Spencer R. Weart


1 April 2000
This lively survey of the history of conflict between democracies reveals a remarkable-and tremendously important-finding: fully democratic nations have never made war on other democracies. Furthermore, historian Spencer R. Weart concludes in this thought-provoking book, they probably never will. Building his argument on some forty case studies ranging through history from ancient Athens to Renaissance Italy to modern America, the author analyzes for the first time every instance in which democracies or regimes like democracies have confronted each other with military force. Weart establishes a consistent set of definitions of democracy and other key terms, then draws on an array of international sources to demonstrate the absence of war among states of a particular democratic type. His survey also reveals the new and unexpected finding of a still broader zone of peace among oligarchic republics, even though there are more of such minority-controlled governments than democracies in history. In addition, Weart discovers that peaceful leagues and confederations-the converse of war-endure only when member states are democracies or oligarchies. With the help of related findings in political science, anthropology, and social psychology, the author explores how the political culture of democratic leaders prevents them from warring against others who are recognized as fellow democrats and how certain beliefs and behaviors lead to peace or war. Weart identifies danger points for democracies, and he offers crucial, practical information to help safeguard peace in the future.

Product details

  • Paperback: 434 pages
  • Publisher: Yale University Press; New edition edition (1 April 2000)
  • Language: English
  • ISBN-10: 0300082983
  • ISBN-13: 978-0300082982
  • Product Dimensions: 23 x 15 x 2 cm
  • Amazon Bestsellers Rank: 1,840,197 in Books (See Top 100 in Books)

Product Description


"A stimulating, impressive and important contribution. It has three particular virtues. First, it is clearly written and is thus fully accessible to an audience beyond the academy. Second, the scope of its inquiry is wide...Third, [Weart] offers a refined and expanded version of the democratic peace hypothesis." Michael Mandelbaum, New York Times Book Review "Weart lays out his case in clear, readable prose and livens his narrative with entertaining anecdotes...Never at War is in many ways the most accessible and comprehensive brief for the democratic peace available." Stephen M. Walt, Foreign Affairs "Comprehensive...well informed...thoughtful, well written, and absorbing." Bruce Cumings, Bulletin of the Atomic Scientists "A fascinating historical tour d'horizon." Lawrence S. Kaplan, Journal of Military History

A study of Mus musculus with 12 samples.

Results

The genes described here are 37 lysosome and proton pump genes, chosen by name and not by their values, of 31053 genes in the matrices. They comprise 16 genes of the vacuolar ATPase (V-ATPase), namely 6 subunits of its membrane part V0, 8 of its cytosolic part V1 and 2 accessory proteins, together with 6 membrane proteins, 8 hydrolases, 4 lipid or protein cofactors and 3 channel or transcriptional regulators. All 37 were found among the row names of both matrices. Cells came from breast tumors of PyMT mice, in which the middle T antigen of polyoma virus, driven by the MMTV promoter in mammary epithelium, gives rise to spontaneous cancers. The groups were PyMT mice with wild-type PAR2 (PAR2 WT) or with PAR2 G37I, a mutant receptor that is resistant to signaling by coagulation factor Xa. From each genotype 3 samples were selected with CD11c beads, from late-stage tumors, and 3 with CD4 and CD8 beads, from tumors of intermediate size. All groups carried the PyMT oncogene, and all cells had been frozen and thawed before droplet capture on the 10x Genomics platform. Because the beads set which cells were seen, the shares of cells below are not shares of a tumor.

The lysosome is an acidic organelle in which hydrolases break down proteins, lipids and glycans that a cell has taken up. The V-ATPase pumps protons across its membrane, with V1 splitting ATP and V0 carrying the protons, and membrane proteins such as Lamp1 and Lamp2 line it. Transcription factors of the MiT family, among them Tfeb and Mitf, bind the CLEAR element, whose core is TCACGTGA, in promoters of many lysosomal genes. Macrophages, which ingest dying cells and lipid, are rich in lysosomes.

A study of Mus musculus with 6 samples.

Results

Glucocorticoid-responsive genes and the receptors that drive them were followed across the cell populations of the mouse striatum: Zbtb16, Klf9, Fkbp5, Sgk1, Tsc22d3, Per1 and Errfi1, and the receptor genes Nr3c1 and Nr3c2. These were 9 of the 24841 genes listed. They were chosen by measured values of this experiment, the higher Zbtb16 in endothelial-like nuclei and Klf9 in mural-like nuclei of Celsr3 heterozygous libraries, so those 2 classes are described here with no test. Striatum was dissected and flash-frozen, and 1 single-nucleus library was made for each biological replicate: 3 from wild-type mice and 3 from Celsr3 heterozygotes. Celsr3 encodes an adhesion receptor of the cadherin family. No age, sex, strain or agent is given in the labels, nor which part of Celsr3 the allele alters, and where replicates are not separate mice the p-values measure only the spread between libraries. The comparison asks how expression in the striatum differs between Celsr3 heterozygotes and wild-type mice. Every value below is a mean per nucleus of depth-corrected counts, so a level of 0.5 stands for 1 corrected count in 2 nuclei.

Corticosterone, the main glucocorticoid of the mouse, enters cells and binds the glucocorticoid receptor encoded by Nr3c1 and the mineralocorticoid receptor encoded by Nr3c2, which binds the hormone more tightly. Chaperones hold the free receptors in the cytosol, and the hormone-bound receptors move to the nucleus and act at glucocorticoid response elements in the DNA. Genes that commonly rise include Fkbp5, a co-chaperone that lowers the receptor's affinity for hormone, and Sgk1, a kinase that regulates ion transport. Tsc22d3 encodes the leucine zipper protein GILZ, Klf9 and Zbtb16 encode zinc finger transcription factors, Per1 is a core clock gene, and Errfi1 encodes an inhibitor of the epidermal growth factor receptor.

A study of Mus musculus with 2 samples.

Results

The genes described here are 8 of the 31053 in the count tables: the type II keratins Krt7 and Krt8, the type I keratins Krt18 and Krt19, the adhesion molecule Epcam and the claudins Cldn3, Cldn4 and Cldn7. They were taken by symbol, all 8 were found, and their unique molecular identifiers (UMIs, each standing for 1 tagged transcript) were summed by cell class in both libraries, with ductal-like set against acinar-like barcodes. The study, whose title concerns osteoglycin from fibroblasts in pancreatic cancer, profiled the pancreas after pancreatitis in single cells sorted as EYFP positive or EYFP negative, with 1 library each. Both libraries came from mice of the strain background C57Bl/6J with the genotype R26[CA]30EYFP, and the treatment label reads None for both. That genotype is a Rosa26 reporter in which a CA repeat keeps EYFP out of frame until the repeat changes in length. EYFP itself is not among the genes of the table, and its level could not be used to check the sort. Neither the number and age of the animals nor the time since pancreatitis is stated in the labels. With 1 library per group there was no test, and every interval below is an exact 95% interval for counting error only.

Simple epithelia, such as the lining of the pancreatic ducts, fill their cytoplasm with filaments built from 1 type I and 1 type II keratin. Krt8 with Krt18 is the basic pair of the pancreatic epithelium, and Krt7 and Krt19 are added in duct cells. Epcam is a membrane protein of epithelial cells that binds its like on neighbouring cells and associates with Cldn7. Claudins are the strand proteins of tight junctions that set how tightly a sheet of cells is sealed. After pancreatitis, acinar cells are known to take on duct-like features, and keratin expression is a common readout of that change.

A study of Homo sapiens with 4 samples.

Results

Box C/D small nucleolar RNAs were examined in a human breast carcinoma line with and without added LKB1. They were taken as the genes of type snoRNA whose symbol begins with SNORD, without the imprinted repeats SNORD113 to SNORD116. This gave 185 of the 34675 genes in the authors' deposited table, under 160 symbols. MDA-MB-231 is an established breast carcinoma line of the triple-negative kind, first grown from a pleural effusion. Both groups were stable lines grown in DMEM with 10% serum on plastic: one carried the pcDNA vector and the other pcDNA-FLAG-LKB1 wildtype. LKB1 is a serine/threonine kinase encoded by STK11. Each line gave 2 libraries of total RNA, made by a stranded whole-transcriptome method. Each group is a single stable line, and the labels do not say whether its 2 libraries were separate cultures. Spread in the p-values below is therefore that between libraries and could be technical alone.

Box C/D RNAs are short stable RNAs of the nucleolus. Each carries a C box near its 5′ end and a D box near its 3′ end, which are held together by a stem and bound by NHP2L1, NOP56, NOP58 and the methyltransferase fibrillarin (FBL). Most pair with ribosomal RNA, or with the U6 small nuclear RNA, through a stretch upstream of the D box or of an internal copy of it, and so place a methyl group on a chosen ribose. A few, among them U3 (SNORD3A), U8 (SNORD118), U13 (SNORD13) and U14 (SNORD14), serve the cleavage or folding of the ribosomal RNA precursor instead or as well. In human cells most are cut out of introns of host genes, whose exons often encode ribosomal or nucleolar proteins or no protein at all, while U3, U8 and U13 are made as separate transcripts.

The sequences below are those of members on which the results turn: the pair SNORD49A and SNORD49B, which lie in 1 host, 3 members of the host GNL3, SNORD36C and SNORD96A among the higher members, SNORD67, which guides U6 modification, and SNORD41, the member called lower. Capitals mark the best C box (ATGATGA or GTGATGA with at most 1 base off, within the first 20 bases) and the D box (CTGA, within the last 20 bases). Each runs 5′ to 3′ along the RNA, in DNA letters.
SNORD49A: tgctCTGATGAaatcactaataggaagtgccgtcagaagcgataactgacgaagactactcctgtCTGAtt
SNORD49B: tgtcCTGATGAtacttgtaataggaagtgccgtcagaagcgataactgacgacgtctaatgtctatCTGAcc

About the Author

Spencer R. Weart is director of the Center for History of Physics at the American Institute of Physics.

Inside This Book (Learn More)
5.0 out of 5 stars Thoughtful: 4.5 stars 18 Feb 2007
By R. Albin - Published on Amazon.com
This is a well written and thoughtful analysis of the "democratic peace theory" argument. A number of political scientists have argued that one of the few empirically established truths of international relations is that democracies do not war on each other. This idea was actually suggested by the philosopher Kant approximately 2 centuries ago, a prediction that has turned out to be somewhat surprisingly correct. Weart opens by reviewing the political science literature on the democratic peace theory, concluding that it is valid. Most of the book is devoted to exploring why this phenomenon exists. Weart's conclusion is that the domestic political culture of a nation's leadership is responsible for its approach to international relations. Republican states, especially established democracies, have cultures of compromise, accomodation, and respect for dissenting views. These cultural traits carry over into international affairs. Conversely, authoritarian states, whose leadership usually arises in an atmosphere of ruthless competition and repression, will tend towards more aggressive and inflexible modes of international conduct. This brief summary doesn't do justice to Weart's systematic presentation of his argument, which is based on an unusually thorough review of the historical and relevant political science literature. Weart points to some unexpected and predictable consequences of his formulation. For example, in addition to finding that democracies don't war with each other, he finds as well that oligarchic republics, which have some of the same political culture as democracies also have a low rate of mutual warfare. Also, democracies and oligarchic republics also have a tendency to form unusually successful/stable alliances, in contrast to authoritarian states. Weart is careful to specify that he is not arguing that democracies are intrinsically peaceful, pointing in particular to a number of examples from American history. Weart's last chapter, which is on spreading democracy, turns out to be quite topical. Given the advantages of peace to democratic states, he discusses ways in which democracy can be spread. He makes a good argument that direct military intervention is usually a relatively poor way of spreading democracy. Weart's book was published in 1999, well before the current Iraq mess.

My only criticism is that I wish Weart had presented some of his data in tabular or numerical form.